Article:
I run four or five times a week (usually for about 40 minutes). A month ago I developed pains in my right shin during a long run, which lasted for a few days. Since then, the pain returns whenever I try to run. Could I have shin splints? If so, how long will it take to heal and how will I maintain my fitness levels in the meantime?
All regular runners dread the prospect of “shin splints”, an over-use injury where the front of the lower leg becomes inflamed and painful. Technically known as “medial tibial stress syndrome” or MTSS, it is the most common of a group of lower-leg problems that can affect runners, race-walkers, footballers and other sporty types who run and jump.
Several injuries have similar symptoms, though, and what you have described is a good example of when it is time to stop running and visit a sports therapist for expert diagnosis and treatment. Anyone who does a lot of exercise or sport gets aches, sprains, strains and inexplicable twinges from time to time. Usually these are minor and disappear by themselves with a few days’ rest. Sometimes they may benefit from a cold compress (bag of frozen peas) or some anti-inflammatories such as ibuprofen.
But when a pain is more intense, comes on during your exercise and keeps on returning, your body is sending you a clear warning. Don’t ignore it and don’t be tempted to self-diagnose from the internet – you cannot hope to know all the possibilities that a trained sports physiotherapist or osteopath will need to eliminate in working out the cause of your pain.
It’s also very important that the sports therapist helps you work out why you got injured in the first place, if you are to avoid a relapse in six months’ time. Injuries not caused by a specific event or accident (we call them “chronic” or “over-use” injuries) can develop for many reasons, including: poor technique, over-training, the wrong footwear, a need for foot support, a change of running surface, a consequence of another unconnected injury (eg, in your back) and so on. Part of your rehab will involve pinpointing how you got your injury in the first place and correcting that problem.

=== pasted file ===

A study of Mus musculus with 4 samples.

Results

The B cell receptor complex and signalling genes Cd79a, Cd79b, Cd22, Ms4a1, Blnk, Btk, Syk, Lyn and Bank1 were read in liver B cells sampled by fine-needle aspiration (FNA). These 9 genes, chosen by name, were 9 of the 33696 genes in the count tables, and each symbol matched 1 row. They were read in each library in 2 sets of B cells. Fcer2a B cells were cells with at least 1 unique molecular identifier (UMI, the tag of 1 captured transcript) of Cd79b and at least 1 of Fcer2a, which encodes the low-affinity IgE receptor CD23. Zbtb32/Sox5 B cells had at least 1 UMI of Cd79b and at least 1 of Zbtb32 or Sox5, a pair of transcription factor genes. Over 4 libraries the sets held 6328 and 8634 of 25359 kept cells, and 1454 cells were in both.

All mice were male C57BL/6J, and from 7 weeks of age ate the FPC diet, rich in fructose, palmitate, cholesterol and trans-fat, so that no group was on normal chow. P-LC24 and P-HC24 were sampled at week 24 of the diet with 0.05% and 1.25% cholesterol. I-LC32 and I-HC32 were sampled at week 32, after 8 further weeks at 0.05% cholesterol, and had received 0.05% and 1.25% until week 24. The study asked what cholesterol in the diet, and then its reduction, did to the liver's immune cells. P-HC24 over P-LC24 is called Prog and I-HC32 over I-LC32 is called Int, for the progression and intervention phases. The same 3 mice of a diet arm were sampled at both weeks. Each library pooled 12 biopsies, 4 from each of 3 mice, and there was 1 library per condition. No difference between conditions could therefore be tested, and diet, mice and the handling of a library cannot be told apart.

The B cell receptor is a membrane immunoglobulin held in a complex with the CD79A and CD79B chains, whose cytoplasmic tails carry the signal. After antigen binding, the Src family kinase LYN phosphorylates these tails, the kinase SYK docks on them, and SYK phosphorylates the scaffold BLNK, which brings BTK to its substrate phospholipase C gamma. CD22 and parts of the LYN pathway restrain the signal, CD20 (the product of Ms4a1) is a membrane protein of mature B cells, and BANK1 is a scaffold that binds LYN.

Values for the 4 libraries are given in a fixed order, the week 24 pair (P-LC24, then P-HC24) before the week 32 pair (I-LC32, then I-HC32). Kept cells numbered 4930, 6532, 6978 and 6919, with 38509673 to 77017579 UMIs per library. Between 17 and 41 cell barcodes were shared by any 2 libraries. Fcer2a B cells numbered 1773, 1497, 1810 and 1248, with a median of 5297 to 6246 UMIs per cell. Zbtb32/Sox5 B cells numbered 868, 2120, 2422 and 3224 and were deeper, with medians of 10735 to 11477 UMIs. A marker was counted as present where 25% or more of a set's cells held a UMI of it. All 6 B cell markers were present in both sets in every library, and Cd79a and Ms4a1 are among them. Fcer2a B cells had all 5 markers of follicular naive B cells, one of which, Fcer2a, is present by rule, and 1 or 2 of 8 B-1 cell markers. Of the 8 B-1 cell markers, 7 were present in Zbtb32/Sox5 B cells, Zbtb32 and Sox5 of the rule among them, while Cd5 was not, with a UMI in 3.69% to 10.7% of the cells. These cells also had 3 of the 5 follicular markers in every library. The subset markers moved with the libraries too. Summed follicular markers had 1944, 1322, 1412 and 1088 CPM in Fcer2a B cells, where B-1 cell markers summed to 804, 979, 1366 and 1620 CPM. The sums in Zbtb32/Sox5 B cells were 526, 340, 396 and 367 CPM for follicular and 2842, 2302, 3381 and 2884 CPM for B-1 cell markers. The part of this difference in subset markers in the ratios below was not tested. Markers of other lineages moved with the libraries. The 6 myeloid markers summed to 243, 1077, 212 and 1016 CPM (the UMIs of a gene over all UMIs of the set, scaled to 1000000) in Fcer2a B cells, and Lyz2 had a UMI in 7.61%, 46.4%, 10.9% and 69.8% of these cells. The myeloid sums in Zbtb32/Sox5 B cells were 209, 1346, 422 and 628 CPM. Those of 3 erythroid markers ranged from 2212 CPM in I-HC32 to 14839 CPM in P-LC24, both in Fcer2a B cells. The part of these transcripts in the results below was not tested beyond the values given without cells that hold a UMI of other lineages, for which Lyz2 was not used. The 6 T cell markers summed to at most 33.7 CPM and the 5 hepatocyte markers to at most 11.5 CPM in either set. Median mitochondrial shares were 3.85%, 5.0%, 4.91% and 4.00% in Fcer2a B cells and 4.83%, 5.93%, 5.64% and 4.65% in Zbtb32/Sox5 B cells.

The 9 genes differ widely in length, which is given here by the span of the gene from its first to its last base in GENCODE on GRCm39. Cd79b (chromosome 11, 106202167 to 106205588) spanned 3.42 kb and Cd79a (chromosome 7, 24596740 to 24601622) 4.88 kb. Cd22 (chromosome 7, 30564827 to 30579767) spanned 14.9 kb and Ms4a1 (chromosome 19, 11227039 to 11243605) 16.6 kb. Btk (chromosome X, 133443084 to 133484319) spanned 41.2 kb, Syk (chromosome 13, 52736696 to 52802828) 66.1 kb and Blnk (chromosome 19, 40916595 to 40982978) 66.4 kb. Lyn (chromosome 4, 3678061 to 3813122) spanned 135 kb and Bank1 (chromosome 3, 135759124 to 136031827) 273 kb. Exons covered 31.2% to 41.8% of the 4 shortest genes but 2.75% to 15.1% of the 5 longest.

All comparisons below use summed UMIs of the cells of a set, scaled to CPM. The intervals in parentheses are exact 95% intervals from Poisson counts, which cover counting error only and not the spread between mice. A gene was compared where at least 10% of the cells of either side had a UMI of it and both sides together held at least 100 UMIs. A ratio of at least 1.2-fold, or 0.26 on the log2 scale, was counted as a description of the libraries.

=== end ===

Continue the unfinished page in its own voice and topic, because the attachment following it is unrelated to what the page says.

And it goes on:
If you have developed shin splints, you will probably be advised to stop running for a couple of months, during which time your therapist will give you specific shin-strengthening exercises and guide you through your gradual return to full activity.
To stay fit in the meantime, you could switch to swimming or running in deep water (a very challenging workout for your heart and lungs). Or use an arm-cycle machine if your gym has one (leg cycling may be unhelpful). Avoid anything that loads your injured lower leg and ankle or repeatedly flexes the ankle. Above all, make sure you do the rehab exercises your sports therapist will prescribe, and be patient: too much too soon could land you in worse trouble in the longer term.